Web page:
Last night, John Kryk of the Toronto Sun put the headline you see below out into the world, and Buffalo Bills beat reporters and fans spent a weirdly contentious Monday evening trying to decide if the story below it really meant what it was purported to mean.
That's a doozy, right? The lede is only slightly less ironclad: "The odds of the Buffalo Bills being sold to a Toronto group - or any group intent on relocating the NFL franchise - appear remote."
In short, Kryk is focusing on a clause in the Bills' non-relocation agreement that had not been discussed before, and appears to contain fairly strong language. You can read the full text of the clause here - it's Section 3(b); Kryk's article focuses predominantly on 3(b)(iii) - and while it's more involved than this, here is the most pertinent text. The Bills shall not:
"sell, assign, or otherwise transfer the Team to any Person who, to the Bills’ knowledge, has an intention to relocate, transfer or otherwise move the Team during the Non-Relocation Term to a location other than the Stadium;"
Kryk's interpretation, backed by "a prominent sports-franchise consultant on the Atlantic seaboard," is that the controlling trust of the Bills can't sell the team to a party intending to move it until the agreement is no longer in place (and it expires in 2022, with a one-year buyout option still technically possible after the 2019 season). There is a different way to interpret it: the Bills can't be sold to a party intending to move the team before the non-relocation agreement expires.
The "TL;DR" version of the discrepancy, within the effective window of the agreement: Kryk's interpretation focuses on the sale of the team, while the other interpretation focuses on when the team would move.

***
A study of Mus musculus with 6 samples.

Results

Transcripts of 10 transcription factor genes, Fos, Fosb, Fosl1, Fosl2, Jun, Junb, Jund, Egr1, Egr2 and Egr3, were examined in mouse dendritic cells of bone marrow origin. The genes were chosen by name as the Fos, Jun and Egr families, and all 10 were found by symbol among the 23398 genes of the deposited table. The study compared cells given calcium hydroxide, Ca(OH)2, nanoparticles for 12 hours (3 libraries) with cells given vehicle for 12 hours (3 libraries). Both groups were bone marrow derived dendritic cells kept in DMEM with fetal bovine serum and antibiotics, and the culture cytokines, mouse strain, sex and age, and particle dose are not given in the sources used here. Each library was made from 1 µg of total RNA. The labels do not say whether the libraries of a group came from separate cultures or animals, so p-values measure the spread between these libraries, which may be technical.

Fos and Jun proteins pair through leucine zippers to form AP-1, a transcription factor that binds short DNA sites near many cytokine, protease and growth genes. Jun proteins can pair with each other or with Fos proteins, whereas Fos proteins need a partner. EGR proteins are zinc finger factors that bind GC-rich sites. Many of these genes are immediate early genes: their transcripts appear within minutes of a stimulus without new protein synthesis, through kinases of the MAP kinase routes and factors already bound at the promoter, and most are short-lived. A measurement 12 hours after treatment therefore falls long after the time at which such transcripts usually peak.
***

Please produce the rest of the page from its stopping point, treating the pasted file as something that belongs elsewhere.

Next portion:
The most thought-provoking section of Kryk's article is that because the sale of the Bills is, by all accounts, moving quickly, owners that want to move the team will need to be extremely coy about that intention in order to actually purchase the Bills. They'd need to hide that intention in order to appear to meet the terms of that non-relocation agreement clause. He cites the lame-duck games the soon-to-be-relocated 1995 Cleveland Browns played, and uses that logic as reasoning that the NFL would not allow a sale of the Bills to a party intent on moving the team to happen.
If the alternate interpretation is correct, an owner wanting to move the team could announce his intention to move the team after the lease expires and still be a viable candidate for the team's sellers. But here's the thing: an owner wouldn't do that anyway, for the exact reason Kryk cites in his article. No owner is going to willingly rid themselves of five years of income from ticket and merchandise sales by pissing off Bills fans. Jon Bon Jovi could buy the Bills, and he won't be saying anything about moving the team to Toronto until another six or seven years down the line, bare minimum, simply for financial reasons.
Any owner is going to be coy about his intentions to move the team for that reason alone. It's an irrelevant point within the context of Kryk's interpretation. The controlling interest of the Bills would need to do some sleuthing themselves to sell to a party intent on moving the team, because that information won't be simply handed to them. And if the alternate interpretation is correct, the Bills could still be sold to that party.
Something else to consider: if this clause was meant to be interpreted the way Kryk is interpreting it, wouldn't people like Erie County Executive Mark Poloncarz have pointed it out much earlier than now? That would've been a headline worth sharing with the people of Western New York, no? That the Bills could not be sold to anyone other than a person keeping the team in the region? In fact, Poloncarz has already hit the airwaves to discuss the article.
That language exists, but it doesn't extend past the non-relocation agreement. The discussion of this clause does not change much, if anything, about the long-term outlook of the Bills. Kryk's attention-grabbing headline is misleading. (Just like this tweet was back in late March.) The Bills are going to be here for another six years, bare minimum; there's a very good shot that they'll be here another nine years; and any owner wanting to move the team is going to need to stay mum about that intention and wait a good long while before doing so.